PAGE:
Discourse on film realism and its importance to filmmakers

Ally Boyd, News Writer

There has been discourse over the past few months in the film community ever since news broke out that a prop gun caused the death of cinematographer Halyna Hutchins and injured the director on the set of Rust. The gun was accidently discharged by popular actor Alec Baldwin which has led to several filmmakers beginning to question the necessity of real guns on set. Realism in film is important to many filmmakers, but to what extent?  

 “I think that realism is important as long as you are not taking risks that you do not need to take.” Iowa filmmaker Rob Merritt exclaimed. 

According to Merritt, there are several procedures that have been written and put in place for the safe handling of firearms on set. The biggest issue is that these productions are taking short cuts and not properly implementing these procedures to protect the workers on set. On the set of Rust, many of these established rules were ignored. 

“I think realism is extremely important. I pride myself in trying to create reality in unrealistic conditions.” Iowa filmmaker Carrsan T. Morrissey said. “However, I think there is a line to be drawn between realism from the point of view of the audience and realism from a production standpoint. I think film is about creating reality, but I do not think that necessitates creating steps that puts anybody in any real danger.”  

“It’s ridiculous that in an industry where imagination is key, that we can’t imagine ways or come up with alternatives that are safer.” Actress Mariah Noel said. 

According to Noel, the crew should be alert and be able to have an open dialogue between each other. There is always a huge time pressure on set and even though production is being rushed to get completed, precautions should still be taken.  

There were many crew members concerned about the safety of the Rust set. Hours before the shooting took place, there were members of the crew who walked off the set because they did not feel safe due to mistreatment of their time and labor. Days before the shooting occurred, there had been two accidental gun discharges on the set already. 

“I remember reading that the guns on the Rust set were just left sitting on a table, and anyone could have messed with them. In my experience it’s always been that you have an armorer who is in charge of any weapons on set, and they keep them locked away in a safe or other protectant place.” Merritt said.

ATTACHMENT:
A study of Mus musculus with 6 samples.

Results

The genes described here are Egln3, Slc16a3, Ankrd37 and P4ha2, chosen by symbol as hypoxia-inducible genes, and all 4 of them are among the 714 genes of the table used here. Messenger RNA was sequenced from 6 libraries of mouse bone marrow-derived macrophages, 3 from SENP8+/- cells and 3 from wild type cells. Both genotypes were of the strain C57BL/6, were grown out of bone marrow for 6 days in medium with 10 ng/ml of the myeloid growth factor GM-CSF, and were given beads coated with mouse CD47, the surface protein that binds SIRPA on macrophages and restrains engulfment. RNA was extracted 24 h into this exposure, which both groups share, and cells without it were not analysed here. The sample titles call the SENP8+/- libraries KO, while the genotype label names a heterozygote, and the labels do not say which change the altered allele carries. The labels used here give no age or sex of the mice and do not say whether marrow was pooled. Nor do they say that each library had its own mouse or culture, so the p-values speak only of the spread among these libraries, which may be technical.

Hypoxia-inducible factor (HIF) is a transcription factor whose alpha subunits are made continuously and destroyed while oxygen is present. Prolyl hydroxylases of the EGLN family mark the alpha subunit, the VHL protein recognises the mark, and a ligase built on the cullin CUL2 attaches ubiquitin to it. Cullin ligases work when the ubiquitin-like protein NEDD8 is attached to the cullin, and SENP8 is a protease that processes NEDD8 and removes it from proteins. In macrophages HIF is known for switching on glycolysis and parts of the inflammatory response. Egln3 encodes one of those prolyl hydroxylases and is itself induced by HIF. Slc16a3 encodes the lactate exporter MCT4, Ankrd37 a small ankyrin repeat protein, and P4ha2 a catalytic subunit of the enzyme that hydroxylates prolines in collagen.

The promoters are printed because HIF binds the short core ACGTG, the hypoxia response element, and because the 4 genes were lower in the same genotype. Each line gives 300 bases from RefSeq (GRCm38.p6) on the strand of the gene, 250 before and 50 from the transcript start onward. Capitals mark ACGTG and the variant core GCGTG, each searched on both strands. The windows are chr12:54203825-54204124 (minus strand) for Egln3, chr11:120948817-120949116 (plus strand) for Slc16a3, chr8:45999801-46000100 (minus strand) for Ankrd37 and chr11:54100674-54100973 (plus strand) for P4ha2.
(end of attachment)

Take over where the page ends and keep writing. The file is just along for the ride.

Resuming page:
According to Merritt, the armorer should be the only one who is removing that weapon from that location. They are responsible for checking the gun and makes sure it is safe to use. Then the armorer takes it directly to the actor who is going to use it. The armorer must indicate whether this weapon has any blanks in it or not. As soon as the weapon in use is no longer needed, it is immediately given back to the armorer. 

Typically, actors should be trained if they are to be handling real weapons on set. One of the most important rules about handling a gun is to never point the weapon directly at another person. An argument for using guns on set is that actors may have a hard time faking the weight and recoil of a gun, so having a real gun helps them achieve that realistic look.  

“The excuse [for using guns on set] was that when you use a real weapon the actor response to the sound of it may make them jump a little bit and you wouldn’t get that with a real gun.” Morrissey said. “And it’s like, that’s what actors are for, if you want your actor to do that, just train them to do that without having to use a real gun.” 

According to Merritt, CGI can be used to add gunshots in post-production. There are several people who work in post-production who state they must add CGI even when actual weapons are used due to production complications such as the mussel flashes not properly visible on video or they disliked the audio they got from set. Therefore, CGI is added in anyway to make the gunshots look more realistic regardless of what weaponry was used on set. 

“I am a big proponent of not using CGI whenever possible. However, I think this is an area where very basic CGI combined with very good prop weapons can take you really really far. For instance, when we use pistols in some of my films, we’ve used airsoft pistols that are powered by CO2.” said Morrissey. 

There are many options available to productions where the use of real weaponry on set is unnecessary. Precautions need to be taken while on set. If these rules are not followed, there is no reason to be using weapons that can hurt individuals. 

“They prioritized the film itself over the people who were involved.” Noel said. 

Halyna Hutchins was born in the Ukraine and moved to Los Angeles. She graduated from the American Film Institute in 2015. She has been involved in many productions throughout her career. In 2019, she was named a rising star by the American Cinematographer Magazine. She was also a loving mother and wife. Hutchins will be missed both as an individual and as a creative voice.